Atheists who failed to remove the national motto “In God We Trust” from U.S. coins and bills following an appeals court defeat have called their loss “utterly revolting.”
The 8th U.S. Circuit Court of Appeals in St. Paul, Minnesota, upheld in a 3-0 decision on Tuesday a lower court ruling from December 2016 that found that the national motto on money did not violate First Amendment free speech and religious rights.
As the New Doe Child # 1 v. The Congress of the United States case explains, 27 individuals who are atheists or children of atheists, along with two atheist organizations, declared that they “definitely do not trust in God.”
Circuit Judge Raymond Gruender explained that the motto did not constitute an establishment of religion, however, and rejected the argument that the atheists are being forced to uphold a message that goes against their beliefs by carrying money.
Gruender agreed with the Seventh Circuit that the arguments that “In God We Trust” on money transforms a constitutional practice into an unconstitutional establishment of religion is “too simplistic.”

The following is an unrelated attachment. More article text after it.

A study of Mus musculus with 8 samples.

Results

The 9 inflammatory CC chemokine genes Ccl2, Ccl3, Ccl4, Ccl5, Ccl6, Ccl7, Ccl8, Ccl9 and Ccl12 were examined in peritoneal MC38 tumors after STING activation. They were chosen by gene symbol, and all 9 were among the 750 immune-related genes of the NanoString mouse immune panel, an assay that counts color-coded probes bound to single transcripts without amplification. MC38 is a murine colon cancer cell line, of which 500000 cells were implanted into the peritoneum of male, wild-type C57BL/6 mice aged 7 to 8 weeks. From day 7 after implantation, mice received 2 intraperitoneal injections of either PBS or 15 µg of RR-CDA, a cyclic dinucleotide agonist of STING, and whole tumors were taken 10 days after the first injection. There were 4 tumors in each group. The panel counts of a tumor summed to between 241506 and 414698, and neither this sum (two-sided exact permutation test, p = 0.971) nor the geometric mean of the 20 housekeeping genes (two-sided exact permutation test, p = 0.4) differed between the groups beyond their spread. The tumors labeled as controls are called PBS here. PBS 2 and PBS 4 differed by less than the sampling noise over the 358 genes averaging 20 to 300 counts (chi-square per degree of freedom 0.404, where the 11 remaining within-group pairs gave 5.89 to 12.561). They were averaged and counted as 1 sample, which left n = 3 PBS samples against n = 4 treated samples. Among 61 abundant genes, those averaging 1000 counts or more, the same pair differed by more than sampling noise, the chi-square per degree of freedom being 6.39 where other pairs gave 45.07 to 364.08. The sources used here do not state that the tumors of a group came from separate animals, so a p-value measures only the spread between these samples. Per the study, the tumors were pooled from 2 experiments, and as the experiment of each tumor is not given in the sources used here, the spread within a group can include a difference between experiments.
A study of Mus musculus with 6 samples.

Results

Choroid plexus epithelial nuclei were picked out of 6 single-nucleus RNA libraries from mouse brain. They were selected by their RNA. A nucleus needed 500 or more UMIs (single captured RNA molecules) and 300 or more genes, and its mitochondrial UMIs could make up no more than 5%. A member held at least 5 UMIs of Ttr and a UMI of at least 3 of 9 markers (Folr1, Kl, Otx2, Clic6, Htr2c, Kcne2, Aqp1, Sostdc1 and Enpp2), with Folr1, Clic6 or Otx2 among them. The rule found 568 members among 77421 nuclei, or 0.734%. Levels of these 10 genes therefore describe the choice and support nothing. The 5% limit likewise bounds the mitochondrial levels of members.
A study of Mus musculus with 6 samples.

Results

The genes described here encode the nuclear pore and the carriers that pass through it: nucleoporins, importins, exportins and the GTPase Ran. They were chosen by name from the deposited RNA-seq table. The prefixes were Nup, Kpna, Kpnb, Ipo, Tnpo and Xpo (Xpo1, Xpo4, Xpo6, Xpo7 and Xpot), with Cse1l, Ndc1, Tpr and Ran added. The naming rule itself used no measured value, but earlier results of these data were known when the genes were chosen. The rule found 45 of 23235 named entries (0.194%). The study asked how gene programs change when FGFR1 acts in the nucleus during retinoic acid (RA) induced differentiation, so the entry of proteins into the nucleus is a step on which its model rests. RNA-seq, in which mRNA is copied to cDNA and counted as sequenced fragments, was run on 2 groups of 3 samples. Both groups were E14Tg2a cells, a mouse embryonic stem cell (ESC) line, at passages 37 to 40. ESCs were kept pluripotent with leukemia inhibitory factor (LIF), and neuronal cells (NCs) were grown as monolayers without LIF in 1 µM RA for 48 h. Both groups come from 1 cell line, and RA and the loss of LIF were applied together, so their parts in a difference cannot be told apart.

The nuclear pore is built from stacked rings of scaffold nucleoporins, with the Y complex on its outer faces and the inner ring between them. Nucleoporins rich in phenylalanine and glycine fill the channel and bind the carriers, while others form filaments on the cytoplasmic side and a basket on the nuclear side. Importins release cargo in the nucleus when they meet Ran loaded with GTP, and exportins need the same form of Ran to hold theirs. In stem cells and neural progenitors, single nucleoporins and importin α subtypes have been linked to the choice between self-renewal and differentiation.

“The Constitution does not prevent the Government from promoting and ‘celebrat[ing] our tradition of religious freedom,’ even if the means of doing so — here, adding the national motto to U.S. money — was motivated ‘in part because of religious sentiment.’ Placing ‘In God We Trust’ on coins and currency is consistent with historical practices,” he added.
Michael Newdow, a lawyer representing the plaintiffs, told Reuters in an email that it is “utterly revolting” that “the history of governmental denigration of a suspect class should trump [the] principle” that neutrality be the “touchstone” for analyzing claims under the First Amendment’s Establishment Clause.